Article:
Are you trying to find a job? Building up a positive and reputable online brand identity might be the differentiating factor that makes a recruiter or hiring manager call you vs. another candidate.
You may have thought that establishing a strong reputation would require creating (and maintaining) your own website or blog but this is not necessarily the case.
According to Donna Svei in Job Seekers: To Blog or Use This Easy Hack?, you have the clever alternative of commenting thoughtfully on other people’s blogs!
Not only does this move have the potential of building up your identity on the internet, but it opens up the door for you to become friends with the bloggers and other members of the online community with whom you are interacting.
This post will walk you through some examples of how to put this shortcut to practice.
2 Shortcut Steps to Establishing Online Expertise
- Find (and read) the relevant blogs in your field of interest.
- Comment thoughtfully on a couple of those blogs that speak to you every week.
Typically, at least one writer has put together a list of best or top blogs every area or field. If you google “best X blogs” or “top X blogs,” this lead you to those listings.
To further vet through the list, you can then look at them and see which of those blogs seem to be repeated across the different lists and then visit them to see which look most relevant and interesting to you.
For example, in the social work world, we have the following lists:
- Top 10 Clinical Social Work Blogs
- Top 30 Blogs for Social Workers 2012
- Top 50 Blogs by Social Work Professionals
- 101 Greatest Sites for Social Workers
- Inspired Advocates
Check out Jacqui Barrett Poindexter‘s expert career guidance on how to present your professional image online in her article How to Manage the Struggle of Being Your Real Self + Professional on Social Media.
- Your goal is to find a happy balance between your authentic and professional self.
How to Comment Thoughtfully
Read the post [in full] that you are planning to comment on.
Reply in a way that will add to the conversation such as:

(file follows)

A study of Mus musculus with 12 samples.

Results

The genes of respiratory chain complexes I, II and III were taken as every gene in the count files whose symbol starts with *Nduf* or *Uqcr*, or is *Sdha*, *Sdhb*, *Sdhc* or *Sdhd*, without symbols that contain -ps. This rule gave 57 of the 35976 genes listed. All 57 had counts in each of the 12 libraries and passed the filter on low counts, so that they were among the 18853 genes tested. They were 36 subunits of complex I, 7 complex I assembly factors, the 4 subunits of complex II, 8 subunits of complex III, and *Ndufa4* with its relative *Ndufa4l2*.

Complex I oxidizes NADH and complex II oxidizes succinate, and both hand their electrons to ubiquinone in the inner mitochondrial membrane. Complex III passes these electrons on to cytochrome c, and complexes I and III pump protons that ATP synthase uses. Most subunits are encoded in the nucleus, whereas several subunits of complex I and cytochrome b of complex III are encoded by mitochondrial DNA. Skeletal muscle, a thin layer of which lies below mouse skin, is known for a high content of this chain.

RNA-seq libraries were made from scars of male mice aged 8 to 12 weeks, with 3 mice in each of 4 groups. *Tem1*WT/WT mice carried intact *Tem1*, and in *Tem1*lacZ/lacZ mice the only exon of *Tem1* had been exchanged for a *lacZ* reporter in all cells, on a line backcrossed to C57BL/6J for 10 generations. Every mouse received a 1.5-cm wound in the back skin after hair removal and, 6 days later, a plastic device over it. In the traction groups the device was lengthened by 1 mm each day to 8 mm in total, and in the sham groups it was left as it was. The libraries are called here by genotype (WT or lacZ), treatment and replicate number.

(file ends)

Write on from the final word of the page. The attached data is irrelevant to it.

- sharing an example or experience of your own
- sharing another resource
- posing a relevant question
- participating in the post in some other helpful manner
For some illustrations on how to do this, please see the below excerpts from a few comments that a few kind individuals made on this blog.
Examples of Comments that Add Online Expertise Value
An important part of being a competent therapist is keeping abreast of new developments in the field…. Unfortunately, many therapists only take continuing education in what they are already familiar and comfortable with and don’t learn about new findings in attachment, affect regulation, and interpersonal neurobiology, or about experiential and mind-body approaches to therapy that take these new findings into consideration.
The longer I do this work, the more I realize how much I still have left to learn. It is a never-ending process of updating knowledge and incorporating it into our practice.
Andrea is an LCSW psychotherapist; she is demonstrating her expertise and knowledge by sharing her knowledge and offering valuable guidance to both the post’s author and readers.
In response to 4 First Session Strategies Every Therapist Should Know , Jackie Yun shared:
As a coach, I find the idea of “do not be timid” and “if you were wrong, stop and fix it” to be freeing, allowing me to be more present with my clients. Thank you for sharing!
Not knowing the protocol and requirements for agency intake forms, I’m wondering if these can be made less boring just by asking the questions differently or offering the form in a different media (maybe mixing in ramification)?
Jackie is a coach and offers not only an example of how the strategies presented may be applicable in her work but a suggestion as to how to solve a problem mentioned.
In response to How to Tame Your Job Interview Anxiety Once And For All !, Marianna Paulson commented:
“I particularly liked the way you so clearly presented the examples of how to take control of your thoughts. I’ve found that often when people are feeling negative emotions they think and feel that they are forever doomed to have those negative emotions. Learning that emotions are not static, and that you can influence them is powerful…
I would also like to remind your readers to get curious about what triggers their anxiety. Was it something they heard? Saw? Smelled? That awareness, plus the activation of tools and techniques becomes a powerful tool to circumvent those non-resourceful behaviors…”
Marianna is a stress transformation coach and educator. In her response above, you can how she continues the post’s topic, as well as demonstrates her expertise.
I’ve read this book and have met the author…Excellent book to read about secrets in the family that can pass down through the generations. Secrets are a terrible thing in any family and when brought out in the open can start the healing process. Very tricky though and getting help to work through it is so important.
Sharon is a social worker who graduated a couple of years ago but in her response, she is exhibiting an up-to-date and experienced persona.
Last but not least, all of these lovely women [both the ones who commented as well as the career mavens: Jacqui and Donna] are friends of mine whom I met through social media.
While I may have first made their acquaintance on twitter, it was through more detailed conversations on our respective blogs that we became friends and I am most grateful for their friendship, as well as for the other friendships I’ve had the good fortune of developing thanks to social media.
Thanks for reading and taking the time to comment, subscribe, share, like and tweet this post 🙂
What are your thoughts/reactions? Do you have any suggestions you’d like to add, or good examples of comments that you’d like to share?